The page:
July 29, 2002, Updated September 19, 2012

Merck plans to interview more than 20 Israeli companies for possible joint ventures in pharmaceutical research.Advances in Israeli biotech and drug development have persuaded management at U.S. pharmaceutical giant Merck & Co., Inc. of Whitehouse Station, N.J., to add Israel to the list of countries in which it would like to invest.

“We are actively seeking opportunities, approaching (Israeli) companies and asking them to submit proposals to us,” said Dr. Yael Cohen, medical director of Merck’s Israel subsidiary MSD-Israel. “We recognize the high potential here.”

Merck has asked companies and universities to apply for research collaborations with the intent to develop therapies in such areas as the central nervous system, immunology, cancer research, diabetes, and osteoporosis.

Merck held a conference in Israel in May to explain its research focus, present the products it has in the pipeline and explain possible collaboration models. Following the meeting, participants made about 150 proposals to Merck which the company is reviewing both in Israel and in the United States.

Thirteen of the proposals made to Merck led to meetings in June and several are being evaluated further for possible collaboration, Cohen said. An additional 10 companies are scheduled for interviews in September.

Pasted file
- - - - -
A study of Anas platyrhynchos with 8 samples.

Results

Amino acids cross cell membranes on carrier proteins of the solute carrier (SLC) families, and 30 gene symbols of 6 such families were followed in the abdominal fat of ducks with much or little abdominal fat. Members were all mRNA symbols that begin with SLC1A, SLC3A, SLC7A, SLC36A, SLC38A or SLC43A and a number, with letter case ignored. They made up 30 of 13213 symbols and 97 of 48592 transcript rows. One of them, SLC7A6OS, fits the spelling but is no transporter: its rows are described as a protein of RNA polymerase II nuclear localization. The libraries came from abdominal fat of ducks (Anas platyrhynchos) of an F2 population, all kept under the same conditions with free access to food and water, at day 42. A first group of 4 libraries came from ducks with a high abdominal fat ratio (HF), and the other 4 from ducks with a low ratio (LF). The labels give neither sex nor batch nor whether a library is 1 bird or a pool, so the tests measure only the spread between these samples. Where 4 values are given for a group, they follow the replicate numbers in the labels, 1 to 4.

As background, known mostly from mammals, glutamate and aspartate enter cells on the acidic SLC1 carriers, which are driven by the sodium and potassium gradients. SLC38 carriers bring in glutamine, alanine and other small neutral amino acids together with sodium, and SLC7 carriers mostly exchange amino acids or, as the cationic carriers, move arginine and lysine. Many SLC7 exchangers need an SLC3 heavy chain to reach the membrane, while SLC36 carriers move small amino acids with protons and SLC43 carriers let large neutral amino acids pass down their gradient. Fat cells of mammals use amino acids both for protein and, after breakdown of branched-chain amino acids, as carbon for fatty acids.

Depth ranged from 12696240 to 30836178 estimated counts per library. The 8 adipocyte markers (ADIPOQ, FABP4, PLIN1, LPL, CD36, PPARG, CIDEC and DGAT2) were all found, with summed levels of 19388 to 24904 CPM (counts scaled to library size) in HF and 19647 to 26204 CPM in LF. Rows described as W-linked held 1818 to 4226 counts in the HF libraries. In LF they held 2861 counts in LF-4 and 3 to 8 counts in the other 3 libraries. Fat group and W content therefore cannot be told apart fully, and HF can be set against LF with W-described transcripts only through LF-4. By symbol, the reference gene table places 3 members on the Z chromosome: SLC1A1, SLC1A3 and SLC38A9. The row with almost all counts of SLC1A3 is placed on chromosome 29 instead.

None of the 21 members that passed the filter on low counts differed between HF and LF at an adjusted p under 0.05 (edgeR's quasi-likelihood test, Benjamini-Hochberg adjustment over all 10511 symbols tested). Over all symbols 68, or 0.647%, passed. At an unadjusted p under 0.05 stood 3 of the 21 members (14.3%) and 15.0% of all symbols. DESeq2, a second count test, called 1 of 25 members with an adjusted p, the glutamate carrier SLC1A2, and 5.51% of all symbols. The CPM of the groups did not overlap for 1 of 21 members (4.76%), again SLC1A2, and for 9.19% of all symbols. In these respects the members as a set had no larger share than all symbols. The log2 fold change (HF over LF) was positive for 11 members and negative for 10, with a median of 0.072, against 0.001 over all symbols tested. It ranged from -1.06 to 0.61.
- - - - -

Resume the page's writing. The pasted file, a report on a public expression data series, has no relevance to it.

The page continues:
Following the first round of meetings, Dr. Lewis Mandel of Merck Research Laboratories, said that he found the Israeli scientists that he met to be “at the forefront of basic science and hopefully its ultimate translation into new project and product opportunities.”

Mandel is leading Merck’s outreach initiative in countries believed to show promise in new drug discovery, including Australia, China, Korea, Russia, and Taiwan, as well as Israel. Merck, which has defined itself as a research-oriented company, hopes the program will help it expand its research.

Israeli researchers will benefit from collaborating with Merck, whose extensive experience with regulatory issues and well-synchronized clinical research infrastructure can ease them through clinical trials, Cohen said.

“Clinical development is a unique expertise and larger pharmaceutical companies have it,” he said. “We believe that agreements between Israeli researchers and Merck will produce a track record of discovering and developing new drugs, a win-win situation.”

It isn’t just the know-how that could jumpstart Israeli technologies, Merck also has the money to finance the research. The company has a research budget of $2.9 billion and it has not set a limit on its Israeli investment, preferring instead to find the right research idea and then putting whatever it takes into its development.

“Israeli initiatives are competing with initiatives all over the world as well as with those being developed (within the company),” Cohen said.

But, some skeptics think Israeli patent laws may hinder the entrance of pharmaceutical giants such as Merck into Israeli research. These laws fail to meet European and U.S. standards, allowing generic drug companies to start developing a generic substitute even before a patent has expired, she said.

As a result, Israel’s intellectual property treaties are more like those of Third World nations, such as Tanzania, than the United States or European nations, Cohen said.